NDA took the decision to end the Magnox contract early because it underestimated the volume work ©PA Images
NDA took the decision to end the Magnox contract early because it underestimated the volume work ©PA Images

Nuclear clean-up contract to be brought in-house

4 July 2018

The Nuclear Decommissioning Authority (NDA) has said it will take in-house the contract to dismantle the UK’s earliest nuclear sites.

The contract to decommission 12 Magnox nuclear sites, which was awarded to the Cavendish Fluor Partnership (CFP), a joint venture between Cavendish Nuclear and Fluor Inc, will be taken over by NDA when the contract ends on 1 September 2019.

NDA took the decision to end the contract five years into its 14-year term because it had significantly underestimated the volume of radioactive waste that needed to be dealt with. At the time it said the decision to end the contract early was not a reflection on CFP’s performance.

David Peattie, chief executive of NDA, said the decision marked “a new approach” to managing the Magnox sites, but said it was consistent with a decision taken over the management of the Sellafield site in 2016, where a decommissioning contract was also terminated early.

He added: “I would like to thank [CFP] for their continued commitment in delivering the Magnox decommissioning programme. We will continue to work together to ensure a smooth transition to the new arrangements.”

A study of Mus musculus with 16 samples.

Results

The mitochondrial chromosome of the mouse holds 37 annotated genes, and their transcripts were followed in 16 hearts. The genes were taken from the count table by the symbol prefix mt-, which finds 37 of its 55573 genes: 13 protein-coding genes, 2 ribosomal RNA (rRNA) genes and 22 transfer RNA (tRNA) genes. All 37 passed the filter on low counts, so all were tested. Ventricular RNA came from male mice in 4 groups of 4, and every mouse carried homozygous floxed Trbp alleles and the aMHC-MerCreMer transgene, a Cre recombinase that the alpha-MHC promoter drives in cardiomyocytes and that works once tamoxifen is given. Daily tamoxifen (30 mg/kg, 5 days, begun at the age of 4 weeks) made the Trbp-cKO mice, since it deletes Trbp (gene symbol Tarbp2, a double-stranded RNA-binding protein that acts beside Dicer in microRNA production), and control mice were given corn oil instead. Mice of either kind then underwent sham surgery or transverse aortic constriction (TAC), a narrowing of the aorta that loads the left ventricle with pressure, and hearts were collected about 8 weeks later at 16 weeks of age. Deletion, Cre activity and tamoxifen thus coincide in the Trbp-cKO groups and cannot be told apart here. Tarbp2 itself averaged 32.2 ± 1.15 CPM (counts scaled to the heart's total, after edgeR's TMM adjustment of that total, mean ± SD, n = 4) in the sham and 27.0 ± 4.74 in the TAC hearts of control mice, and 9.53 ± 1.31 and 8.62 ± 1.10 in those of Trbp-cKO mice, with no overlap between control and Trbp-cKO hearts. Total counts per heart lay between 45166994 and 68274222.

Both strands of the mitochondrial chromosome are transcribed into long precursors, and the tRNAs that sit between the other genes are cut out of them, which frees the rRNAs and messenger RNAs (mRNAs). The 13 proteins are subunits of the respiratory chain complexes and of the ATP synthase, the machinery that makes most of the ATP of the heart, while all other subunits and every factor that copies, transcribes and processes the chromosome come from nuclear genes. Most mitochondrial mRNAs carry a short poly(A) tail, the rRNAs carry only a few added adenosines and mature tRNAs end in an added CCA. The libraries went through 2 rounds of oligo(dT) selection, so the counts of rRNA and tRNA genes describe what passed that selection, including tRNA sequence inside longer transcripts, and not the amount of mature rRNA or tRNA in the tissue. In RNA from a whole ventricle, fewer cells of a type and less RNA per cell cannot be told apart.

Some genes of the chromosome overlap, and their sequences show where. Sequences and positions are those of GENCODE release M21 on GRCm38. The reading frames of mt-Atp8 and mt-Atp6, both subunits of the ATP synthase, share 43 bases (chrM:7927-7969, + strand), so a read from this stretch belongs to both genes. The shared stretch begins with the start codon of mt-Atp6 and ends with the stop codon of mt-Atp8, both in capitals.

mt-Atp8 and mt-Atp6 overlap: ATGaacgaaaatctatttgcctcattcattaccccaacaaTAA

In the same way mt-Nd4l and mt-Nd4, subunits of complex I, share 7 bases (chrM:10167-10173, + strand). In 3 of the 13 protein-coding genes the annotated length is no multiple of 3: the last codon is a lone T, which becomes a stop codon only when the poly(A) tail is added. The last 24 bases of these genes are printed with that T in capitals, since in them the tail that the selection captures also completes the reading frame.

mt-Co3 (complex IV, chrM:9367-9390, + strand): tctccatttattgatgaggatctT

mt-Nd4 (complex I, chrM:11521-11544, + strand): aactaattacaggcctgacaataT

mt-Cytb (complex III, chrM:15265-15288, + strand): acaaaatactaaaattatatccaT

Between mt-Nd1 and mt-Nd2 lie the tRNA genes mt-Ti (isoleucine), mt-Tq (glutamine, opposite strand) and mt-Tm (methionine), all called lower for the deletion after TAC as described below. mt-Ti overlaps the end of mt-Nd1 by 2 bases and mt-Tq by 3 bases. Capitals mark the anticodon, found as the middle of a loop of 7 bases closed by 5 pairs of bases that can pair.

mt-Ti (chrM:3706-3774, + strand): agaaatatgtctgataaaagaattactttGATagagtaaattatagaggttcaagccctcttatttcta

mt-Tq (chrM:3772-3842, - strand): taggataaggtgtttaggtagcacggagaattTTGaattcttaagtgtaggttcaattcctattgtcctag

The announcement is the latest development in a long-running saga over the £6.1bn tendering process for the contract, which ran between in April 2012 and September 2014.

The contract was to safely decommission 12 redundant Magnox nuclear reactor sites, including two nuclear research facilities, that dated from the 1950s and formed the majority of the UK’s first nuclear fleet. The sites were not originally designed with decommissioning in mind and pose a serious and dangerous technological challenge.

NDA took the decision last March to end the contract with CFP after the decommissioning authority admitted it had significantly underestimated the volume of work that needed to be done under the contract. By that point the projected cost had increased from the original quote of £3.8bn to £6bn because of a higher than expected volume of radioactive waste.

The awarding of the contract was also subject to a legal challenge in which the High Court ruled NDA had wrongly decided the outcome of the tender. NDA agreed a total payout of nearly £100m to losing bidders Energy Solutions and Bechtel in a no-liability settlement.

Both the National Audit Office and the Public Accounts Committee subsequently criticised the way NDA ran its tender for the contract, and the government has launched an inquiry into the tender and its early termination.

CFP will continue running the contract until 1 September 2019, at which point the company set up by CFP to deliver the project, Magnox Ltd, will become a subsidiary of NDA.